The list of regulators warning that Binance is illegally operating in their jurisdictions continues to grow. The authorities in Singapore and South Africa have become the latest to warn that the global cryptocurrency exchange may be in breach of their local laws.
South Africa’s Financial Sector Conduct Authority Warns Against Binance
The South African financial regulator issued a notice Friday about Binance, stating:
The Financial Sector Conduct Authority (FSCA) warns the public to be cautious and vigilant when dealing with Binance Group as they are not authorised to give any financial advice or render any intermediary services in terms of the Financial Advisory and Intermediary Services Act, 2002 (FAIS Act) in South Africa.
The notice describes Binance Group as “an international company situated in the Seychelles which has a telegram group that members of the South African public can join to gain access to their cryptocurrency exchange platform.”
Furthermore, the regulator noted that “Crypto-related investments are currently not regulated by the FSCA or any other body in South Africa.”
The Monetary Authority of Singapore (MAS) Tells Binance to Cease Providing Payment Services
Binance is also in trouble in Singapore. The Monetary Authority of Singapore (MAS), the country’s central bank that oversees the crypto sector in the country, issued a statement Thursday about Binance, stating:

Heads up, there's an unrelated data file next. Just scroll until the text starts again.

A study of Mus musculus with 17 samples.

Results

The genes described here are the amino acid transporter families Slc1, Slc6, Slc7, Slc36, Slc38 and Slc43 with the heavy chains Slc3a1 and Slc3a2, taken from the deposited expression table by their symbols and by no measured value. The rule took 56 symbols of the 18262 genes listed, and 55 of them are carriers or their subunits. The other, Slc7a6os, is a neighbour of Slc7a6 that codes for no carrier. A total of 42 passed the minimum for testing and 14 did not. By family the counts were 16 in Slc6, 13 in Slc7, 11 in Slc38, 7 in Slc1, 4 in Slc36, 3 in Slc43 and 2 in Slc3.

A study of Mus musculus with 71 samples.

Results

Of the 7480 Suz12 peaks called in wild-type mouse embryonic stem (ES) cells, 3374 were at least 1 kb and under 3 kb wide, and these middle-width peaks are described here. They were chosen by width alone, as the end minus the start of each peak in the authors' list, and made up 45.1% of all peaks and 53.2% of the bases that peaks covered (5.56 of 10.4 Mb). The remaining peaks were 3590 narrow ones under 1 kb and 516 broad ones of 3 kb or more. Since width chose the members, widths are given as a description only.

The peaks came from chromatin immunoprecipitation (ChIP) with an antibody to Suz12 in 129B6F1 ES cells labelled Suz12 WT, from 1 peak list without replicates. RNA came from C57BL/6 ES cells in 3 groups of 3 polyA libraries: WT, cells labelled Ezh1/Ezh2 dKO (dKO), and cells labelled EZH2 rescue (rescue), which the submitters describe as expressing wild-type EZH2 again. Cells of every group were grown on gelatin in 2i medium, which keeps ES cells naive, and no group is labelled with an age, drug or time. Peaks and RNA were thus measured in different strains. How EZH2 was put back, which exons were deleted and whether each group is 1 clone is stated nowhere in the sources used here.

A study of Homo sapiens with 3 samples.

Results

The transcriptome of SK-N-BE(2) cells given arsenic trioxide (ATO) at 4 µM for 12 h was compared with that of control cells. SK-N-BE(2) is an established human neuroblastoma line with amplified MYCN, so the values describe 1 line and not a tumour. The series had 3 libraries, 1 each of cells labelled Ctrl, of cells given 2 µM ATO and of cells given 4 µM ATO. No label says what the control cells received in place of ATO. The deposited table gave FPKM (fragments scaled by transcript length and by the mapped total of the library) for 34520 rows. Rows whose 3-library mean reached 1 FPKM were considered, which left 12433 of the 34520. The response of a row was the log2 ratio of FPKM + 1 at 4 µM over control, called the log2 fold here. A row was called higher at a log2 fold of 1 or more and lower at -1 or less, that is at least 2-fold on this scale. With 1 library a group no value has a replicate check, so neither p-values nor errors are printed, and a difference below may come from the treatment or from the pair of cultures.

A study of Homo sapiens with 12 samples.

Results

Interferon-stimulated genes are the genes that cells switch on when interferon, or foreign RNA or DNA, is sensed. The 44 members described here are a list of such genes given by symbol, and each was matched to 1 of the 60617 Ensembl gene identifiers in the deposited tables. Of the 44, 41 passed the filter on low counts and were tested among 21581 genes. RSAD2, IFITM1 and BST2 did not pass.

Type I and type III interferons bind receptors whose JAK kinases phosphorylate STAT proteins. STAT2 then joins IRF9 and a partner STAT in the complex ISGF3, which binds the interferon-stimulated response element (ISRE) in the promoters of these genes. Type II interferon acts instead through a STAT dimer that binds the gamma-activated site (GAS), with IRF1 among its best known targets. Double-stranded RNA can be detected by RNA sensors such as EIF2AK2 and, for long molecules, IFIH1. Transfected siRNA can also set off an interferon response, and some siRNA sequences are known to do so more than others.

MAS has reviewed Binance.com’s operations and is of the view that Binance, the operator of Binance.com, may be in breach of the Payment Services Act.
The central bank added: “Binance is required to cease providing payment services … to Singapore residents and cease soliciting such business from Singapore residents.”
The MAS also listed Binance.com on its Investor Alert List, warning consumers that the company is not authorized to provide any payment services in Singapore. Binance Asia Services (BAS), a separate entity that operates Binance.sg, has applied for a license with the central bank.
Last week, Binance announced that it hired a former regulator as the new CEO for its operations in Singapore. Binance said it aims to become “a leader in regulatory compliance” as it pivots into a financial services company.
The global crypto exchange recently became the focus of many regulators, including those in the U.K., Netherlands, Thailand, Malaysia, Japan, Germany, Hong Kong, and Lithuania. They claimed Binance had been operating without authorization in their jurisdictions.
What do you think about all these regulators warning about Binance operating without authorization? Let us know in the comments section below.